Brewer's Leaving LAUSD; Tribune Files for Bankruptcy
Two hundred workers are staging a sit-in at a Chicago factory after the Bank of America cut off the company's credit. The bank got $25 billion in taxpayer funds, but the workers only got three days notice of termination. Now they're symbolic of the double standard for federal bailouts of Wall Street compared to other sectors of the economy. The factory is in the former state senate district of President-elect Barack Obama.
- Harold Meyerson: Executive Editor, American Prospect, @haroldmeyerson
- Philip Levy: Resident Scholar, American Enterprise Institute
- Scott Paul: Executive Director, Alliance for American Manufacturing, @ScottPaulAAM
- Daniel Ikenson: Associate Director of the Center for Trade Policy Studies, Cato Institute
Brewer Wants LAUSD Board to Buy Out His Contract ()
Last week on this program, Los Angeles Unified School Superintendent David Brewer said he was not considering stepping down. Today, he asked the elected school board to buy out his contract, to prevent what he called the "current debate" about his leadership from becoming an ethnic issue.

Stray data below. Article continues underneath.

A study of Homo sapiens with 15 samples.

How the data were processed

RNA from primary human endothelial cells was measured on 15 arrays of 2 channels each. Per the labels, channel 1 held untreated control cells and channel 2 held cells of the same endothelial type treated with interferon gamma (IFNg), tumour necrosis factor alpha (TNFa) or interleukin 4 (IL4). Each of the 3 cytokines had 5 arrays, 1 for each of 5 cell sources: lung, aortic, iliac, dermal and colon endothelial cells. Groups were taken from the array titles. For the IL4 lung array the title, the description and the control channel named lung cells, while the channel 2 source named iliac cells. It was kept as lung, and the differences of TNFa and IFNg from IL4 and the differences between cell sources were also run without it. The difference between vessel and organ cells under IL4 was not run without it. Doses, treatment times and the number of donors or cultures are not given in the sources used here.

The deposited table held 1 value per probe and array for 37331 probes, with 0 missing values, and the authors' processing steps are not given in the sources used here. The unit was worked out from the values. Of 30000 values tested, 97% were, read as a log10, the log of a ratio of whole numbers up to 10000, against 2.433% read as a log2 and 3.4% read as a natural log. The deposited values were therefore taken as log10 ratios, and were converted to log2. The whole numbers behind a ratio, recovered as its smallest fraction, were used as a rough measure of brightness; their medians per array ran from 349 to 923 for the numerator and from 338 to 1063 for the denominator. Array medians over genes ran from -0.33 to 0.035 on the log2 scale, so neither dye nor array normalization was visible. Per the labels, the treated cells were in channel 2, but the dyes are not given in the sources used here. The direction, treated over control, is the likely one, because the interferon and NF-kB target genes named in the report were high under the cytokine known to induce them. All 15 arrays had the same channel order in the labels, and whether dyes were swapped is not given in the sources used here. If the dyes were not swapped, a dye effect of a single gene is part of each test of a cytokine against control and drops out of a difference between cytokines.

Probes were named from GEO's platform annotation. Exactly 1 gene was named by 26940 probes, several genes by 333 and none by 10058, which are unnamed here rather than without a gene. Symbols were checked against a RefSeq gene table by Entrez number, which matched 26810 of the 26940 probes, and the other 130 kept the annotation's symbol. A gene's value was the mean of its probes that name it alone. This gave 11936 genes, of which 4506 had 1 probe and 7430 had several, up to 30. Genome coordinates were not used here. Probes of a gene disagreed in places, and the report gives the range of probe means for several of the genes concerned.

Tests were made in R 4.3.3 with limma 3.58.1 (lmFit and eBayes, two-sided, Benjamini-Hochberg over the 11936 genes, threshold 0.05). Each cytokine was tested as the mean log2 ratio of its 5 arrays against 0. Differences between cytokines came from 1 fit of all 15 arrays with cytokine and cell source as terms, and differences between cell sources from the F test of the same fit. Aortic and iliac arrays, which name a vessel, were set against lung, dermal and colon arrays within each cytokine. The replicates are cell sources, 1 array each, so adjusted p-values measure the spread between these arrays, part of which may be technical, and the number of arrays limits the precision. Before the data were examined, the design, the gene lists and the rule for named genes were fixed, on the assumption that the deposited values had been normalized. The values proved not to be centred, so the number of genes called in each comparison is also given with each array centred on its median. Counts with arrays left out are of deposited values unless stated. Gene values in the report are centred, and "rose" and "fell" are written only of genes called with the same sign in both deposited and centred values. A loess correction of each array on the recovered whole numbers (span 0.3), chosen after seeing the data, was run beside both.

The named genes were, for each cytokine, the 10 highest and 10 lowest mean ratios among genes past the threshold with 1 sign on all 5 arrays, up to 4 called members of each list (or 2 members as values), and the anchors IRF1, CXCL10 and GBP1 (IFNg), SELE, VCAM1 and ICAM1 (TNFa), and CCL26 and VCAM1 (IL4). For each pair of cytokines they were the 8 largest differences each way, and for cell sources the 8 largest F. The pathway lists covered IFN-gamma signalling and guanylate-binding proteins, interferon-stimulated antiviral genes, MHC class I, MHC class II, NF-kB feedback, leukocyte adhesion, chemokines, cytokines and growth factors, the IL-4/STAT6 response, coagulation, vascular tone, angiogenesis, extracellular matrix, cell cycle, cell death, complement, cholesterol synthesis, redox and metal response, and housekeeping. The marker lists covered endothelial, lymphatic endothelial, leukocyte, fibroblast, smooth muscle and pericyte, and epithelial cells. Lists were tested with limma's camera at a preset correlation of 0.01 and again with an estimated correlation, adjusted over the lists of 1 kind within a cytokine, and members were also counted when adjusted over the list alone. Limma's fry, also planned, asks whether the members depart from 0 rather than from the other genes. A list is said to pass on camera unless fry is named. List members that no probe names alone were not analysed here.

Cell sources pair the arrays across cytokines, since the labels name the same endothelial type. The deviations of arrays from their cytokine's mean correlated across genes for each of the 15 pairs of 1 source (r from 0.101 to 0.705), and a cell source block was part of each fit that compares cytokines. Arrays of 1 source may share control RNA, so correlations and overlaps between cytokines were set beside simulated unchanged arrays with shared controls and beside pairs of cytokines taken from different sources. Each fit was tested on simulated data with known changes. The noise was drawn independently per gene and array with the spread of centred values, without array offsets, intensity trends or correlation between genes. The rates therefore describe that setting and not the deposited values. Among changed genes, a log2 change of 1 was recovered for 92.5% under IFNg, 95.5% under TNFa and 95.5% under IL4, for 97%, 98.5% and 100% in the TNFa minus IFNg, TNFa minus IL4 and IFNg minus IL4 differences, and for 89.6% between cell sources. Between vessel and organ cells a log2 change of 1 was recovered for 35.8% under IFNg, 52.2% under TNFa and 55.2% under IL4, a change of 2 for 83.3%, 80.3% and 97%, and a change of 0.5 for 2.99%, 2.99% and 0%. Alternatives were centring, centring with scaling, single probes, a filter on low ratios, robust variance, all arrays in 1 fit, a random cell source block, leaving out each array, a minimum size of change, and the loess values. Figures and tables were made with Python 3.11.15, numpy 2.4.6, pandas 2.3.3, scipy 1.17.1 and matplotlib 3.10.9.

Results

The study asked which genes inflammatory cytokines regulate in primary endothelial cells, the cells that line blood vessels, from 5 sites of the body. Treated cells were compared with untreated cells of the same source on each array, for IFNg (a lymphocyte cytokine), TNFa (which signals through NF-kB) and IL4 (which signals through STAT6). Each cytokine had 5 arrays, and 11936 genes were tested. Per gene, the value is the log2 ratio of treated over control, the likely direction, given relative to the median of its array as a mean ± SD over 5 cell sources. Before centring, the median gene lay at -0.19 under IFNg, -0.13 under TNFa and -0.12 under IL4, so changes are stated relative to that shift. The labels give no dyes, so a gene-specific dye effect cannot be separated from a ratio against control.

Los Angeles Times Declares Bankruptcy ()
It's been less than a year since Sam Zell bought the Tribune Company, which owns the Los Angeles Times, in a deal that cost $300 million of his money and $13 billion in debt. Even then, it looked like a shaky proposition and since then there's been round after round of layoffs and cuts in service. Today, Zell's Tribune Company filed for bankruptcy. Alan Mutter, ajournalism professor at UC Berkeley, blogs at Newsosaur.com.
Treasurer Says No Public Works Money until Budget Is Passed ()
The State Assembly and Senate convened today in a rare joint session to deal with an $11.2 billion deficit. Governor Schwarzenegger says if there's no action soon, the debt will be $2 billion greater by next month and the state will run out of money by February or March. State Treasurer Bill Lockyer is the man with the money and a message for the lawmakers.
- Bill Lockyer: Treasurer, State of California
Which Way L.A.? is made possible in part by the Ralph M. Parsons Foundation, the Nathan Cummings Foundation, and the John Randolph Haynes and Dora Haynes Foundation, which supports study and research into policy issues of the Los Angeles region.